The days-long manhunt for Miami-Dade fugitive Alberto Morales ended in the Texas woods early Saturday, when he was shot and killed by police, authorities said.
A Friday night burglary at an unoccupied home, in which men’s clothing and jewelry were stolen, prompted police to search nearby woods and find the 42-year-old fugitive there, according to Sgt. Robert Eberling, spokesman for the Grapevine, Texas, Police Department.
Holding wooden sticks in his hands, Morales ignored commands and lunged toward officers, Eberling said. Fearing for their safety, the officers -- a Grapevine officer and two members of the U.S. Marshals Fugitive Task Force -- used deadly force, Eberling said.
“We successfully stopped a violent fugitive and ended the fears that he brought to so many people,” Eberling said Saturday afternoon at a press conference.
Monday night, Morales used a piece from his eyeglasses to stab Miami-Dade police Detective Jaime Pardinas and escape in Texas, police said. Pardinas and Officer David Carrero at the time had been taking Morales to Las Vegas for a court appearance.
"To our Detective Jaime Pardinas, I commend you for your will to live through this horrible event that you've endured, and we look forward to your safe return home," Miami-Dade Police Director J.D. Patterson said in a statement Saturday.
Patterson added: "To the victims who suffered at the hands of this diabolical individual, may you now have peace knowing that he will not be able to hurt you or anyone else again."
Saturday afternoon, Miami-Dade police announced Pardinas has been released from the hospital and continues to recover.
On the loose, Morales had been a threat to the public, given his criminal history of sexual battery, kidnapping and other offenses, authorities said. Morales, apparently unfamiliar with the Texas region, may have turned to the woods to hide, Eberling said. Officers in recent days had searched boathouses and other locations, but didn’t find him.
“There’s a lot of woods and a lot of open area back there,” Eberling said. “So we don’t know if he just slept in the woods or if he was able to find somewhat of a shelter to stay in.”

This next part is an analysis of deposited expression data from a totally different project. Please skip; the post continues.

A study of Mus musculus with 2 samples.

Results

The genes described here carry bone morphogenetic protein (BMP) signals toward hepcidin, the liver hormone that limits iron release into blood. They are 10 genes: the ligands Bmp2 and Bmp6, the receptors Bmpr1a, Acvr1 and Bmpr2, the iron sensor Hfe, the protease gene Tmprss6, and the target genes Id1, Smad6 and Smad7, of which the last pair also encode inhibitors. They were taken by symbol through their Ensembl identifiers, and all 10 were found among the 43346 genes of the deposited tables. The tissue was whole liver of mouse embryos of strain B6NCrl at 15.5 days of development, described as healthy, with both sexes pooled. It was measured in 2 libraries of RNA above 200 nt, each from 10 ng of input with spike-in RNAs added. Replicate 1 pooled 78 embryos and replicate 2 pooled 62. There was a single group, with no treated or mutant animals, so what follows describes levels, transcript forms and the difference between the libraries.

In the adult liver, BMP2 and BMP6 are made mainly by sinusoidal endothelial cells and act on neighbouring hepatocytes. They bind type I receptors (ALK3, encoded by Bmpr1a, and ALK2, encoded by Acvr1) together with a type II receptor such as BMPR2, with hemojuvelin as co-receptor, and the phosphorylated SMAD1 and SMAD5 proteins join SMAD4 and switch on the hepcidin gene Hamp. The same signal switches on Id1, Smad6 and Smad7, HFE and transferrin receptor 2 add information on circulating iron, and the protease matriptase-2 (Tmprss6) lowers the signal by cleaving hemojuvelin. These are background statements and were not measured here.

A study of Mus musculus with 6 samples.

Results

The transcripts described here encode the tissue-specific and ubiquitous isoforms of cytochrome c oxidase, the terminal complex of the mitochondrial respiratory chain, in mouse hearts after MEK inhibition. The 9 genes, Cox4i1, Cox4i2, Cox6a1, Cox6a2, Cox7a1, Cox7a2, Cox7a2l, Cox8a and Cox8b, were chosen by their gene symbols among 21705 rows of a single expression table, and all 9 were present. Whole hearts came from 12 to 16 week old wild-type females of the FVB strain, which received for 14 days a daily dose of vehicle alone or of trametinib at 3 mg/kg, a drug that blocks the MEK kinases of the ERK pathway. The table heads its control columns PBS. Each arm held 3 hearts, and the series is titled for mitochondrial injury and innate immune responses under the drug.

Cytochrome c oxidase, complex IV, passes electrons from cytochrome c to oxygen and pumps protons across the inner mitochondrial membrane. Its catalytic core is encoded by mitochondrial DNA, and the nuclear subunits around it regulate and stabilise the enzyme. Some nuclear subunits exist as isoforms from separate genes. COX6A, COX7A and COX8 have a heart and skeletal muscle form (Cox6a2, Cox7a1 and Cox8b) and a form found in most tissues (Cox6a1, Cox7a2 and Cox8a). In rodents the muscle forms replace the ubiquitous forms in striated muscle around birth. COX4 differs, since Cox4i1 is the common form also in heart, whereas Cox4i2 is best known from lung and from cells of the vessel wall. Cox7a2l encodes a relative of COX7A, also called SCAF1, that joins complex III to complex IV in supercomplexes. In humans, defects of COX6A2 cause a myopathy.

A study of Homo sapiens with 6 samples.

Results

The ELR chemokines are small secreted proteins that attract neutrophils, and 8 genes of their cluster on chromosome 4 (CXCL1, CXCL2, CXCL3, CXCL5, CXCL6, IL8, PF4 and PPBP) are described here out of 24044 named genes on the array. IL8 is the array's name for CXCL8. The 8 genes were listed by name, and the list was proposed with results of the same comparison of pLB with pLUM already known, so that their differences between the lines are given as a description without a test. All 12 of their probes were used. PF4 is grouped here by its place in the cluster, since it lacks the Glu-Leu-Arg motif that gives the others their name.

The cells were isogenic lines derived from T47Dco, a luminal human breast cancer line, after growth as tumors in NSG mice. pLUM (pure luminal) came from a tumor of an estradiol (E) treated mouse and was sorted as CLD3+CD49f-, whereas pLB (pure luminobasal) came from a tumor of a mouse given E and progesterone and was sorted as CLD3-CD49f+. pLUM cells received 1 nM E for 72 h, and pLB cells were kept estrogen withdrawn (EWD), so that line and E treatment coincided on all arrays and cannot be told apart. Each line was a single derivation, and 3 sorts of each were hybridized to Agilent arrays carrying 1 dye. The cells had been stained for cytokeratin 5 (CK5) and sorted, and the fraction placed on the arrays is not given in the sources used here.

Although police suspect that Morales didn’t receive help from anyone while free, he still somehow slipped out of the handcuffs and belly band to which he was shackled, Eberling said.
Saturday, Morales still had on his hooded prison sweatshirt. He also wore long pants that he didn’t have before. Eberling said he didn’t know whether those pants were from the home burglarized Friday.
“We are somewhat surprised that someone was able – you know, especially with the weather and terrain up there -- to remain hidden that long,” Eberling said. “I’m sure it was a challenge to be in the weather and the inclement conditions that we’ve had in the past few days.”
Multiple agencies intend to keep investigating the events that led to the escape, which Morales had likely planned for “a long time,” Eberling said.
Days ago, Pardinas and Carrero had planned to travel by plane to take Morales to Las Vegas, but they were forced to rent an SUV after Morales acted up on the first flight to Houston, police said. They were told they wouldn't be allowed to make the connecting flight, police said.
When they stopped at a Texas Walmart to use the restroom, Morales used a broken piece of his eyeglasses to stab Pardinas in the chest while Carrero was inside the store, police said. Morales then vanished.
About 10:30 p.m. Friday, officers responded to the burglarized home a few miles from the Walmart, Eberling said. The items that were stolen drew investigators’ attention.
“Officers thought that was rather suspicious,” Eberling said. “They contacted the members of the fugitive task force, who responded to that area and began searching and saturating that neighborhood.”
As the officers approached a wooded area, they could hear somebody moving. Officers asked for help from Fort Worth police, who sent a helicopter equipped with an infrared camera that helped find Morales in the dark woods, Eberling said.
Officers saw that Morales was running from them.
“At that point, they were able to surround Mr. Morales,” Eberling said. “They commanded him to surrender. He failed to do so and lunged toward the officers.”
Eberling said he didn’t know whether Morales was holding the wooden sticks to use them as weapons.
But officers knew Morales was skilled at using objects as weapons and probably didn’t forget that during the confrontation, Eberling said.
“I think that was certainly in the forethoughts of those officers who encountered him today,” Eberling said. “He was able to almost kill an officer with some eyeglasses, so he was certainly skilled with using pointed objects or edged weapons.”
Eberling said that police "do not relish the fact that a life was taken.” But, he said, “we are thankful no one else was harmed and that the citizens of this community and the surrounding communities no longer have to live with the fear of Alberto Morales.”